Photo: Stephen A. Arce/ASP, Inc.

Larson Winds Up Second in Another Chicagoland Battle

By Luis Torres, Staff Writer

Kyle Larson was once again the center of attention at Chicagoland Speedway as the near six-hour Camping World 400 showcased tremendous racing action from start to finish.

Last year it was the “Slide Job” heard around the world, where he came up short of beating Kyle Busch. This time around, Larson’s opponent for the race win was Alex Bowman, putting on a heck of a show in the closing laps. Even trading paint a couple of occasions as they gave it their all, looking for a breakthrough victory to lock themselves into the playoffs.

In the end, it was Bowman who came out victorious for the first time in his Monster Energy NASCAR Cup Series career, while Larson had to settle for second once again. Therefore, his winless streak dating back to Richmond in September 2017 has extended to 63 races.

Despite coming up 0.546 seconds shy of winning, Sunday’s runner-up result marked his best finish of the season and only his second top-five after 17 races.

“If I was out in clean air, I think we just had a lot of downforce and drag in our car,” Larson on his battle with Bowman. “I just felt slow in clean air, but when I could get behind people I was okay and could just wait until we got laps on tires, then I could start making ground. Was actually surprised I even got to him. I thought when he came out about the same distance off pit road in front of me, I thought he was just going to check out.

“He was struggling, and we were able to get to him and get by him, but he did a good job. He did a good job regrouping and figuring out how to make his car drive better and got the win. Cool to see him get the win there. Would have liked for him to have to wait another week or so, but happy for him. He’s an open‑wheel guy, so cool to see.”

Before catching Bowman, Larson had a consistently strong car as he ran inside the top-five throughout the race, plagued with a three-hour red flag due to weather.

Once the race began to wind down, Larson brought the No. 42 McDonald’s Chevrolet Camaro ZL1 on pit road with 49 laps remaining. From there, Larson moved up to second and even if he pitted a lap before Bowman, he was charging towards the front as he trailed the leader by 2.83 seconds.

Larson wasn’t the only driver who was on the move as Logano was all over him for several laps, but wasn’t able to get by the Elk Grove, California native for second.

Logano described the battle between Larson as a situation where he simply couldn’t get to Larson in both lanes to get the run he would’ve like and once his car got tight, it was game over.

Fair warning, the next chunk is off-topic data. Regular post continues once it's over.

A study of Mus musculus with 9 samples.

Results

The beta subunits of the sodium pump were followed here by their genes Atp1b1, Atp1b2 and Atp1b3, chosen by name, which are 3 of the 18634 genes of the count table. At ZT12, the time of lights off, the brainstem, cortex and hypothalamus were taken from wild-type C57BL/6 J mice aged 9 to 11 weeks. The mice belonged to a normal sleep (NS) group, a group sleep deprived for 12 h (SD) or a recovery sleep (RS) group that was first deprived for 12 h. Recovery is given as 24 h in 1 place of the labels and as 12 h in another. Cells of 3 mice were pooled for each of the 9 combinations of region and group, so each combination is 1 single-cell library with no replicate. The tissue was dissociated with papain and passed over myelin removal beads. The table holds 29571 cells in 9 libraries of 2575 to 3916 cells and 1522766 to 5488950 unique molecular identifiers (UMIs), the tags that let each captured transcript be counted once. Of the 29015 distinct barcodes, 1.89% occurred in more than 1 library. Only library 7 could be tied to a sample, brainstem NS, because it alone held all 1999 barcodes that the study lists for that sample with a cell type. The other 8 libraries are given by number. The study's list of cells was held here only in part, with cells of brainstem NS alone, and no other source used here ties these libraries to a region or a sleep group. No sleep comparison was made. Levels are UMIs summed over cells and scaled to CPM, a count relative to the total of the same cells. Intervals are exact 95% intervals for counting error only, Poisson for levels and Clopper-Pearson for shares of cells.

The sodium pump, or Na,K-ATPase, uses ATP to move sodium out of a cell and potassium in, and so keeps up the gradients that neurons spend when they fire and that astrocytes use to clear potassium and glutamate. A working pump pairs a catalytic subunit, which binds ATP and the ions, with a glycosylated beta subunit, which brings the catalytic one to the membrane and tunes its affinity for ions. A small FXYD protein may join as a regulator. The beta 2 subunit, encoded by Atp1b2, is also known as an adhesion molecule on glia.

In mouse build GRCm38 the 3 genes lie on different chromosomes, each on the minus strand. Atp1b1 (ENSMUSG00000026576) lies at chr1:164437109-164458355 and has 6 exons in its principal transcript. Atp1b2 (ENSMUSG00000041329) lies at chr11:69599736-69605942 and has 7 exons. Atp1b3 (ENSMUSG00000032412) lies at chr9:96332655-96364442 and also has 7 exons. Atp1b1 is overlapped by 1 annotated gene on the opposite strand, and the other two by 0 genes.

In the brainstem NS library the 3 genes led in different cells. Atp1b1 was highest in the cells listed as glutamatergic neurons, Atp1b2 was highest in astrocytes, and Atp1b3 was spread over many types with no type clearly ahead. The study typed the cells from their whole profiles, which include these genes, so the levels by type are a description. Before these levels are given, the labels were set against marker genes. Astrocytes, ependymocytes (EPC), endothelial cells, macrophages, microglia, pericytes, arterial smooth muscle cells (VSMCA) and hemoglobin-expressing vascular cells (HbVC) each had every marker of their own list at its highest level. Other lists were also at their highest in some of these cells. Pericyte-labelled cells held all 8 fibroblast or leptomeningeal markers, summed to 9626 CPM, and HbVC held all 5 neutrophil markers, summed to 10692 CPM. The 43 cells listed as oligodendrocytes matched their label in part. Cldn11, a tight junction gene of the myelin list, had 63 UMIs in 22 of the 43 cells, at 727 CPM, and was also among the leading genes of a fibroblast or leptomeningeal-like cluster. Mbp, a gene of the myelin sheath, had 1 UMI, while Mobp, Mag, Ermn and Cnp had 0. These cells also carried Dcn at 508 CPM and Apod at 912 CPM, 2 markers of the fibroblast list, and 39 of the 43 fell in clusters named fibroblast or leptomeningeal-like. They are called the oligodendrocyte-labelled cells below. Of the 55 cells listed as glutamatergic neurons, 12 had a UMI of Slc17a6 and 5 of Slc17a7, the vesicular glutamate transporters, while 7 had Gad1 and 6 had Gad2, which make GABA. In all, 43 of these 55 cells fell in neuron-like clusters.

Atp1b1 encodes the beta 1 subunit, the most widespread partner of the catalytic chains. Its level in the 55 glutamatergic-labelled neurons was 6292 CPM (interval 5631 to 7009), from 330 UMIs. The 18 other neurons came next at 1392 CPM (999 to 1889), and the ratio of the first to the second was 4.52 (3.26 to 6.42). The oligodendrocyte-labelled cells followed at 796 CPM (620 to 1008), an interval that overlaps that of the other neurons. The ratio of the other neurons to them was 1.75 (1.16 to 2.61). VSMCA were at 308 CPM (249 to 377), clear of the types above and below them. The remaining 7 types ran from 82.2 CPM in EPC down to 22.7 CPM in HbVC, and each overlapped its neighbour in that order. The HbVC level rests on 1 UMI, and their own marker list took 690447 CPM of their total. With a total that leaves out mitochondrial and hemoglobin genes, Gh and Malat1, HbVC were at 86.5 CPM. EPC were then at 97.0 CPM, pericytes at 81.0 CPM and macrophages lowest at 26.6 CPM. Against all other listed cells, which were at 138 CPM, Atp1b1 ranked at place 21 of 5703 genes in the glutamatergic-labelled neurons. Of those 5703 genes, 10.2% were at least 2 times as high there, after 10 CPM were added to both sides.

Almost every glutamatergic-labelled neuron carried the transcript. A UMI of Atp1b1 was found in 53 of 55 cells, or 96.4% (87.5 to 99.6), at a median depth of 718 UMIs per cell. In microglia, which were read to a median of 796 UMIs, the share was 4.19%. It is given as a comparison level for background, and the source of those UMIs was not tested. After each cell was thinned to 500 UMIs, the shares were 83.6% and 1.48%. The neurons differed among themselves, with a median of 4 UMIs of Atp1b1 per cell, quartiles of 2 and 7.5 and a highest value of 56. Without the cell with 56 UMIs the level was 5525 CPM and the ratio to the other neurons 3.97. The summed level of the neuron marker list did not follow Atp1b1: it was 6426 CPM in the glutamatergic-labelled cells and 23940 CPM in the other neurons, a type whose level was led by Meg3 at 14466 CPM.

“I just couldn’t get to his inside or outside and get a run,” said Logano. “I would get right to him but not enough of a run to make a move. I just got tight at the end and he drove away at the end. We were pushing really hard on the front tires and eventually they are going to give out.”

With Logano eliminated from the race-winning battle, Larson’s eyes was now on the race leader.

Bowman dealt with lap traffic, including an encounter with Paul Menard which left him furious with 22 to go. It gave Larson an opportunity of cutting the lead down by using both the trademark top and bottom groove.

Then with eight laps remaining, Larson made his move by going to the bottom and battled door-to-door on the backstretch. Once they hit Turn 3, it was Larson with the advantage and cleared Bowman for the race lead.

Two laps later, rolls were reverse as Bowman fought back and snatched the lead away from Larson in Turn 3. Only this time, it was for good as Larson was instructed multiple times over the radio to turn the regulator switch off which he did and unable to catch the No. 88 Axalta Chevrolet Camaro ZL1.

Larson said he noticed him struggling at that point of the race, but the disadvantage he had against Bowman was big runs on the straightaways.

“He could get big runs on me down the straightaways, and I think that allowed him to get that run into 1 and he got to the main side and I got tight,” said Larson. “I don’t know if him getting air on my spoiler or something got him tight, but I had to kind of breathe it a little bit, and then we side drafted on the backstretch.”

“I wish I would have maybe done some things different into 3 instead of going all the way to wall, maybe chase him to bottom, just try to hang on his quarter, but he might have cleared me anyways down there.”

Disappointed was Larson for being denied another win at Chicagoland, but he found a nice outlook as he was satisfied how the Chevrolet camp ran well all day, halting the dominance of Joe Gibbs Racing and Team Penske.

“I wish I could have got a win for McDonald’s and got them to Victory Lane. But still a great day for Chevy and Hendrick engines,” said Larson. “That was really cool to see a lot of us Hendrick engine guys up front and kind of drafting and breaking away from the groups behind us on the short runs. I felt good about my car on the long runs.”

Larson gained two spots in the championship standings as he’ll head to Daytona International Speedway 13th in points, 35 points above the playoff cutoff. Last July, Larson finished 29th in the Coke Zero Sugar 400, but will head to July 6 with a shot of scoring two straight top-10s at Daytona after finishing seventh in the Daytona 500 in February.